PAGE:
December 9, 2021

Hesse's state leader sent out invitations to journalists to hear him speak after a conference with "Madame Chancellor."

Angela Merkel
Angela Merkel waves goodbye after handing over power to Olaf ScholzImage: Sean Gallup/Getty Images

Following 16 years in power, it's no wonder that former Chancellor Angela Merkel is still the leader of Germany in the minds of many. After all, it's only been one day since the Christian Democrat (CDU) handed power over to her former vice chancellor, Olaf Scholz of the Social Democrats (SPD).

But someone in the office of fellow CDU member Volker Bouffier, the state premier of Hesse, was not ready to move on so quickly.

A press invitation from Bouffier's office issued on Thursday invited journalists to listen to "a statement from Hessian Minister President Volker Bouffier [on the state of the pandemic] ... following the conference of state leaders with Madame Chancellor." 

The invitation used the term "Bundeskanzlerin" for federal chancellor. In German, the "in" ending makes a word feminine. In 2005, much was made of using the term for the first time instead of Bundeskanzler. Now, it seems, people may have a hard time switching back. German news agency KNA first spotted and shared the innocuous error.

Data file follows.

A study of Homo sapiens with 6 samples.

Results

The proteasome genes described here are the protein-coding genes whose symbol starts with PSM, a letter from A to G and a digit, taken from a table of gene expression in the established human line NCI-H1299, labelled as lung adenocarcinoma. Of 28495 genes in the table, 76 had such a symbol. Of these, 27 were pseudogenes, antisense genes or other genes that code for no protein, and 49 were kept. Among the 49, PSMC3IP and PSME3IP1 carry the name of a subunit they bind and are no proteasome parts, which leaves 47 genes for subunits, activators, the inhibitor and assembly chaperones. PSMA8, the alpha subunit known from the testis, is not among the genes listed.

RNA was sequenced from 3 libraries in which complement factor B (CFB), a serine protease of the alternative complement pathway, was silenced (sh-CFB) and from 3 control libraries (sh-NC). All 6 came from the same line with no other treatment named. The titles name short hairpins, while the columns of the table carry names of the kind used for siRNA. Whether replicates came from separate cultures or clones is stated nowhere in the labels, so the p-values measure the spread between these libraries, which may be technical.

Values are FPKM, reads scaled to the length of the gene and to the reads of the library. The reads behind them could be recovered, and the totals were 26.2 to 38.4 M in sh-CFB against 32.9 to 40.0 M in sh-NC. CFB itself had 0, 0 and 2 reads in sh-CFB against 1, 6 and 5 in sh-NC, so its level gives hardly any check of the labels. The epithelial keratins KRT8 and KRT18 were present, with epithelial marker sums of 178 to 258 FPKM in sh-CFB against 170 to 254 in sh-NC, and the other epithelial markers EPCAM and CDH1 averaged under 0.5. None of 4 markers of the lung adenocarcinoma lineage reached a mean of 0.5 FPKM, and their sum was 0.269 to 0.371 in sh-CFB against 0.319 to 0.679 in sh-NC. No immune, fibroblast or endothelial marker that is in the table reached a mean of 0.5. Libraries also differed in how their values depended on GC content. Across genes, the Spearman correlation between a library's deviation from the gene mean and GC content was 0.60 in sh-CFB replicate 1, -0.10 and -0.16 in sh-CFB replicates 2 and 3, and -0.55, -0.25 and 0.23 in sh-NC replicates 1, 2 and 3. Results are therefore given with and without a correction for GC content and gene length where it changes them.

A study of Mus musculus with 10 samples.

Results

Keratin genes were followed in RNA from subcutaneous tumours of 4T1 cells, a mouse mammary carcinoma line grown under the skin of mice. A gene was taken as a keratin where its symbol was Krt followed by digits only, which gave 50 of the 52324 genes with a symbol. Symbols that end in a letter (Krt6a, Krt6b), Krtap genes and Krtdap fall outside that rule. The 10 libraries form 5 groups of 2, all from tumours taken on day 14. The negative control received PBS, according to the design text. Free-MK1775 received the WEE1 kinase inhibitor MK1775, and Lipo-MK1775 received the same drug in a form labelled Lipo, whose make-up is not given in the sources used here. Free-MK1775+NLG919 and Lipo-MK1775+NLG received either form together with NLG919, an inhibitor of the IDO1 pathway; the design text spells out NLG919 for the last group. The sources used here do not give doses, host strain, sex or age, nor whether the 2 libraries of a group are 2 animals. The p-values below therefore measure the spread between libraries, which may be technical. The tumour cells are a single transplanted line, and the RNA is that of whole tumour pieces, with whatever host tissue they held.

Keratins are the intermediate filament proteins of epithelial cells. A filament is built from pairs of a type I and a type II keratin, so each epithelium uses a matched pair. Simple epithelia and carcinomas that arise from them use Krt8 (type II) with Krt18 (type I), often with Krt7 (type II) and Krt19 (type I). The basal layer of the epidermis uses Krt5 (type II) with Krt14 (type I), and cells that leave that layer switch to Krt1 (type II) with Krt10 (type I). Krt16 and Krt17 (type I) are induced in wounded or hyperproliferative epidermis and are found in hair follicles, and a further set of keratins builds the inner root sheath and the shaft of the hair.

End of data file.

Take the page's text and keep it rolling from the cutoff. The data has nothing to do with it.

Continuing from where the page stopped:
Olaf Scholz chairs that COVID meeting with state leaders, his first, on Thursday.

In Hesse, which is home to Germany's financial capital Frankfurt, the CDU won the most so-called "second" votes, for a party and not a candidate, in every federal election that Merkel ran in.

In 2021, with the longtime chancellor not running for a fifth term, the SPD garnered the most votes in the state.


Elizabeth Schumacher
Elizabeth Schumacher Elizabeth Schumacher reports on gender equity, immigration, poverty and education in Germany.